Clarisonic knockoffs are a dime a dozen, but none have come close to being a viable alternative to the pioneering mechanical exfoliator until the recent launch of Luna. I used the Clarisonic for YEARS. Swore by it. But then I became hooked on Proactiv+ and ditched my trusty gadget. After a number of facialists and my dermatologist told me that the products may be doing more harm than good, however, I decided to get off the three-step program. It didn’t take long for me to break out, even though I replaced the trio of products with acne-fighting Murad products. What is it about Proactiv+ that is so uniquely effective?? I still don’t get it because their acne-fighting ingredients are industry standard ones. In any case, it seemed like the perfect time to turn back to the Clarisonic that helped clear up my skin – and keep it clear – for so many years.
The brand’s latest launch is the Mia Fit, which is a spin-off of their male-centric Mia Alpha (at Sephora for $189). It has a pod-like design that’s compact, travel-friendly, and freestanding. The device feels comfortable in the palm of the hand and fits easily wherever it’s stashed. It has two settings: a 60-second delicate cleanse to remove everyday impurities or an 80-second power cleanse to remove long-wear makeup removal or for after workouts. Note that if cost is a factor with the Mia Fit, you need to replace your brush head every few months, whereas the Luna doesn’t require any replacement; the Luna’s battery also lasts a lot longer. I still love the Mia fit. It just cleanses your skin so well! And even after just one use, I noticed my skin just glowed a bit more. It also seems to diminish the size of my pores. I often hear people complain that their skin is too sensitive for Clarisonics, but I’ve never had this issue.
The Luna, for its part, is made from non-porous silicone (so it resists bacteria build-up; it’s said to be 35 times more hygienic than other cleansing brushes) and has an anti-aging mode (i.e. lower frequency pulsations via silicone waves to mitigate fine lines and wrinkles). Apply the cleanser to your face – versus onto the device, as you would with the Mia – and just brush away. I personally find this device to be equally effective, just not as comfortable to hold in my hand. It leaves my skin feeling super supple and with a squeaky-clean feeling. In the end, I think it’s a design preference when it comes to the two, or whether your main issue is blackheads/large pores (opt for Clarisonic) or anti-aging (opt for Luna). Luna, at Nordstrom for $169, and Mia Fit, at Sephora for $189.
I was curious what a dermatologist had to say, so I turned to Dr. Neal Schultz, NYC dermatologist, host of DermTV.com, and creator of BeautyRx by Dr. Schultz, and asked him for a medical prescriptive.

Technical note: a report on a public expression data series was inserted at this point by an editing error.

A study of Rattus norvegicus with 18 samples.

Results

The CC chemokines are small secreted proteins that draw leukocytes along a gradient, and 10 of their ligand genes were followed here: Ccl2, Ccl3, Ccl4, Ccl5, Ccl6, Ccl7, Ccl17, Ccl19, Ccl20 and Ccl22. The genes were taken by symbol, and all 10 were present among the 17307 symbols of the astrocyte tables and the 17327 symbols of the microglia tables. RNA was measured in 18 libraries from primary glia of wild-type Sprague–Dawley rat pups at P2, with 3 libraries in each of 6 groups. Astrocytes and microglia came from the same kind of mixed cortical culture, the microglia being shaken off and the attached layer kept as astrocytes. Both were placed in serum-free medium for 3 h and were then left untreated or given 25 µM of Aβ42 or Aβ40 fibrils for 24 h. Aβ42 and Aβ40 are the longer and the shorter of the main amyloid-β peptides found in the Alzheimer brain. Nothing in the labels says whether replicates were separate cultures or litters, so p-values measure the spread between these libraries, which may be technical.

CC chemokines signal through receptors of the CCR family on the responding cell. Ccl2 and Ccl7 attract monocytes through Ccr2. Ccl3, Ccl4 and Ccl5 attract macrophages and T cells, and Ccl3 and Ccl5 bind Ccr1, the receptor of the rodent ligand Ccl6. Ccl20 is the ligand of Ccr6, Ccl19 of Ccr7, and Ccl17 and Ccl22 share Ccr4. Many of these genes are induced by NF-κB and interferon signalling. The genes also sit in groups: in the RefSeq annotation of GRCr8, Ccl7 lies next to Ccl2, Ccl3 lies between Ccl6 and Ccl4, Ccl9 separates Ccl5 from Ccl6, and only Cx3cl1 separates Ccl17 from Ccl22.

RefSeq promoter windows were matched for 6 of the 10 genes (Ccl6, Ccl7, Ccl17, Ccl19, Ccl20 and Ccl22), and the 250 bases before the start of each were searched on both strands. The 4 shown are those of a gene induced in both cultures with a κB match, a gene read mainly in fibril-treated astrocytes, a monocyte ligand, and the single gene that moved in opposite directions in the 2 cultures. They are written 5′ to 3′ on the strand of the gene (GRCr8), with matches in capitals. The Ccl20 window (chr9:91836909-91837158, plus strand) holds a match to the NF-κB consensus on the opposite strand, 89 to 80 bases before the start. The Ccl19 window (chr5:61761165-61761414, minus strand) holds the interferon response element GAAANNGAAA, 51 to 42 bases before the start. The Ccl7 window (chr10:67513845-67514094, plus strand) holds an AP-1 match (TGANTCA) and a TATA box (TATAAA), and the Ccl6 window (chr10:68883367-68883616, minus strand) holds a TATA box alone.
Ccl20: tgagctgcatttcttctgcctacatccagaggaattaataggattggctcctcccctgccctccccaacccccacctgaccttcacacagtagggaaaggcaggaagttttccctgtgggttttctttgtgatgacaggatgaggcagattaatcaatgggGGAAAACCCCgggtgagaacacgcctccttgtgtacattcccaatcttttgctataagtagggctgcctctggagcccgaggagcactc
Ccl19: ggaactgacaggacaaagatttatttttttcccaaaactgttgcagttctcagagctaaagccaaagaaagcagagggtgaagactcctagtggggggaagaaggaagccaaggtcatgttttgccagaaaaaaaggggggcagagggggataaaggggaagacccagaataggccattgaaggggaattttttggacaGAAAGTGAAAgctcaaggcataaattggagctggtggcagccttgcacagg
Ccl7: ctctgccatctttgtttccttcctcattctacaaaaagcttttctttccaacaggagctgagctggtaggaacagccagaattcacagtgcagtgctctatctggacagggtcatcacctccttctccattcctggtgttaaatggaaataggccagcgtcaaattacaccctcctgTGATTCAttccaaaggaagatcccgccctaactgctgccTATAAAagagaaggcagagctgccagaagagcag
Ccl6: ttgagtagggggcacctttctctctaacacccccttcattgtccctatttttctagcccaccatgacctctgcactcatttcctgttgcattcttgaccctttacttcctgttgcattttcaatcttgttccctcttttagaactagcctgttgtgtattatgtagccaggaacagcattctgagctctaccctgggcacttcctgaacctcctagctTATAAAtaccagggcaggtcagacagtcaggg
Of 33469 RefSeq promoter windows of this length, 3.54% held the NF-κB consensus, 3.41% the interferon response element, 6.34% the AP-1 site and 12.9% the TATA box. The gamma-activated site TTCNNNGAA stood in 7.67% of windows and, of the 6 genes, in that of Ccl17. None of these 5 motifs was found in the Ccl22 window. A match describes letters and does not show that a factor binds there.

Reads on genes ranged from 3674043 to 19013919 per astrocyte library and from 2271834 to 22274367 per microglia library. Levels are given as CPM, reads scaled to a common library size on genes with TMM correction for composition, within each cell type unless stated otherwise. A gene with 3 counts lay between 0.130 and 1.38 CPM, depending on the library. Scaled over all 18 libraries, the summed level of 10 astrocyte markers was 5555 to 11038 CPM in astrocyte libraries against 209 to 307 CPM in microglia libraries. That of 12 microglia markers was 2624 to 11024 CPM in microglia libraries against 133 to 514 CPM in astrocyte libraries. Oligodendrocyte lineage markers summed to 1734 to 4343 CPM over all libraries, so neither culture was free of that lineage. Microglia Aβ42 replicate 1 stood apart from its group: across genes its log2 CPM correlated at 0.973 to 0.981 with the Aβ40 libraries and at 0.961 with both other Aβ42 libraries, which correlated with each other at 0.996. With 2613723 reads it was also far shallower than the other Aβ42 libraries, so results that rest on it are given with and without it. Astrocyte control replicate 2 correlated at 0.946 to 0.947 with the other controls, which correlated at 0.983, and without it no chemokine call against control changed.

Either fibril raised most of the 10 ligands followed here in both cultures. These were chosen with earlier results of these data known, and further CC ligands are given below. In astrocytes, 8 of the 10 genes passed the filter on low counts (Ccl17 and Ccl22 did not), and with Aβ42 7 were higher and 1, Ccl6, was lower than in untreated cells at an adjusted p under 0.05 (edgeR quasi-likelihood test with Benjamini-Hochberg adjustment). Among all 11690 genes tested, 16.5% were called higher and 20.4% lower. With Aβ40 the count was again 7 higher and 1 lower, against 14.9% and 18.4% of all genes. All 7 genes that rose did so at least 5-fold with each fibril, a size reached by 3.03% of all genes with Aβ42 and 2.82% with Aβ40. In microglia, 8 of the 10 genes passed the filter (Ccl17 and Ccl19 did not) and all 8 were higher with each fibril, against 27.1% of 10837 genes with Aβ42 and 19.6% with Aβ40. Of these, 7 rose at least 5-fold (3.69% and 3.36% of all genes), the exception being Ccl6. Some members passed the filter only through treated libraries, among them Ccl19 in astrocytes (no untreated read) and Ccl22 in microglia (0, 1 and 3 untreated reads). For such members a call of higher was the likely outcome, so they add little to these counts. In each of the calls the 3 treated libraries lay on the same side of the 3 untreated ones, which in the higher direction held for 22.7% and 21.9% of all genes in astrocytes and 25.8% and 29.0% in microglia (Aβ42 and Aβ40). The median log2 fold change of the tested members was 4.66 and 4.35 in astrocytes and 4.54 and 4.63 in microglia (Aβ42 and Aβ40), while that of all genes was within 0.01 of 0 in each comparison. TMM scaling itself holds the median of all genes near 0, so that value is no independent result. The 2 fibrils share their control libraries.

Why would someone choose one device over the other?
The real issue is whether or not you should choose either of these devices. Both of them are very effective and efficient cleansing tools for which many people justify their price by the experience of doing “something extra” for cleansing. If you are a fan of an electric toothbrush (i.e. enjoy the additional sensory experiences of the feel, touch, and sound of the device), you’ll like these cleansing gadgets (despite the fact that most people achieve adequate oral hygiene with a regular toothbrush and adequate cleansing without them).
There is little difference between them, but for the very few people with TRULY sensitive skin (rare!) then the Luna may be potentially less irritating than the Clarisonic. The reality is that most people with VERY sensitive skin wouldn’t let either near their face, though.
Who in theory can benefit from either device and why?
Anyone interested in facial hygiene and who can afford it can benefit from either but need neither! Neither can promise better results than conventional cleansing. It’s more about your cleansing technique than technology…it’s how thoroughly you clean, not the device you use.
Are tools like this good for anti-aging OR acne OR any other specific problem or concern?
Both are helpful for more effective exfoliation than regular cleansing, but the Clarisonic is probably superior as a mechanical exfoliant and therefore can be better for anti-aging and/or acne than the Luna.
While the Luna tells you to give up your bristles (referring to the Clarisonic and other brushes), that is disingenuous in my opinion because the silicone “touch points” on the Luna are just other forms of bristles.
Have you used either device? What are your thoughts? Share in the comments!